By Bethany Blankley (The Center Square)
More than 10 million people have been reported illegally entering the United States since President Joe Biden took office in January 2021, the greatest number in history and of any administration.
They total more than the individual populations of 41 states.
The number of people illegally entering the country surged after Biden and Department of Homeland Security Secretary Alejandro Mayorkas halted many preexisting border security policies, advanced sweeping parole and other policies to release the greatest number of illegal foreign nationals into the country, encouraged people from all over the world to use a phone app to enter the U.S., and facilitated U.S. entry application processes in foreign countries, among others.
Official U.S. Customs and Border Protection data includes 3,201,144 apprehensions in fiscal 2023; 2,766,582 in fiscal 2022; 1,956,519 in fiscal 2021; and 471,954 in the nine months Biden was in office in fiscal 2020.
CBP’s fiscal year is from Oct. 1 to Sept. 30.
Combined, official apprehensions total 8,396,199.
They exclude gotaway data, which CBP does not report publicly. The Center Square has been reporting preliminary gotaway data solely reported by Border Patrol agents at the southwest border. The information is obtained from a Border Patrol agent who provides it and other information on condition of anonymity for fear of retaliation.
Since January 2021, a minimum estimate of nearly 1.7 million gotaways have illegally entered the U.S.
Based on earlier projections and including Office of Field Operations data, former CBP chief Mark Morgan told The Center Square the gotaway data is likely to reach or exceed one million for fiscal 2023 alone.
Related: Nearly 4 Million Illegal Border Crossers In Fiscal 2023
In fiscal 2021, there were at least 308,655 known, reported gotaways; in fiscal 2022, 606,150 were reported. According to preliminary data obtained by The Center Square, Border Patrol agents reported at least 769,174 gotaways at the southwest border alone.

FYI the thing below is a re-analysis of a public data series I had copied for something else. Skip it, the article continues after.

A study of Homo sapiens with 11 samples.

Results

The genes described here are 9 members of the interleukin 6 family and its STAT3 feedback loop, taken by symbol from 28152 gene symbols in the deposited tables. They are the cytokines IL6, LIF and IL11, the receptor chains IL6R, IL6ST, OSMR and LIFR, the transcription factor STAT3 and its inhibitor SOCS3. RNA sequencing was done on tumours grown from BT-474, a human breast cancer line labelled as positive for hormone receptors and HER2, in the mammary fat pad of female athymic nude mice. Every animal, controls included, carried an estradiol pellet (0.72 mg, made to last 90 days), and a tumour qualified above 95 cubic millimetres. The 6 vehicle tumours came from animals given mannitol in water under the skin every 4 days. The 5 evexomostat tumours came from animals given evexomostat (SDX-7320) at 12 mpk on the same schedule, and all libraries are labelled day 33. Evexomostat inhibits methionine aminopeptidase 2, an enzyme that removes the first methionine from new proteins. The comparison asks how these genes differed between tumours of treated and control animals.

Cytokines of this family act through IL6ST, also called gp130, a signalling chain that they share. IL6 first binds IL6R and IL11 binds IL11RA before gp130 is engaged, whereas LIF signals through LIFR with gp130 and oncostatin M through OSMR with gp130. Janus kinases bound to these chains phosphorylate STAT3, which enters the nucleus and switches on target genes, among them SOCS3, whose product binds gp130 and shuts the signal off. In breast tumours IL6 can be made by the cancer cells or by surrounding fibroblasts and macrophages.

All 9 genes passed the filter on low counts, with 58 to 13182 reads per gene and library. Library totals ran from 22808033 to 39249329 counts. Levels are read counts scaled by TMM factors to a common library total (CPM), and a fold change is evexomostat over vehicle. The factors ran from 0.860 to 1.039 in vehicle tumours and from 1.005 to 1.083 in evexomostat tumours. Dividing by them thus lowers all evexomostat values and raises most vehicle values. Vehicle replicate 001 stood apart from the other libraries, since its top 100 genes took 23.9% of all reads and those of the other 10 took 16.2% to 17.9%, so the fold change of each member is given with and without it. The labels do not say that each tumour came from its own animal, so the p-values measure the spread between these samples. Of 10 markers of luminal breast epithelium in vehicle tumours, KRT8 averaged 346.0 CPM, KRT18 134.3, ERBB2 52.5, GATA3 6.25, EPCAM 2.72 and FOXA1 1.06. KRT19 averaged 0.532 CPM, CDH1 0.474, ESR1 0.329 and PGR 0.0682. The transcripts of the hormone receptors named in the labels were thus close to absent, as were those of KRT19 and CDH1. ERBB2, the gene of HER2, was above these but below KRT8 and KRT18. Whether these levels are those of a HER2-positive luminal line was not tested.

This number excludes OFO data, gotaway data at the northern border and other CBP ports of entry nationwide. The Center Square has not yet received total internal gotaway numbers.
Combined, the minimum estimated known, reported gotaways from Jan. 1, 2021, to Sept. 30, 2023 is at least 1,678,979.
Since January 2021, total illegal border crossers apprehended nationwide were 8,396,198. Combined with at least 1,678,979 gotaways, the number increases to over 10 million (at least 10,075,177).
This is greater than the individual populations of 41 states.
The only states with an estimated population greater than the number of illegal border crossers are California, Texas, Florida, New York, Pennsylvania, Illinois, Ohio, Georgia and North Carolina.
They edged ahead of Michigan’s estimated population of 10,030,722.
Related: 736 Known Or Suspected Terrorists Apprehended At U.S. Border In Fiscal 2023
The total number of illegal border crossers during the period equates to 25% of California’s population, 33% of Texas’ population, 44% of Florida’s population and nearly 52% of New York’s population.
They’re equivalent to over 17 Wyomings; over 15 Vermonts; nearly 14 Alaskas; and nearly 13 North Dakotas. They total nearly ten Delawares, the home state of the president.
Among them are 1,586 known, suspected terrorists (KSTs) who were apprehended in fiscal years 2020-2023.
In fiscal 2023, CBP agents apprehended the greatest number of KSTs – 736 – in a single year in U.S. history.
They also apprehended the greatest number of criminal noncitizens in U.S. history, totaling nearly 50,000. This number excludes the tens of thousands of criminal noncitizens arrested by Immigration and Customs Enforcement officials and an unknown number arrested by local and state law enforcement officers.
Syndicated with permission from The Center Square.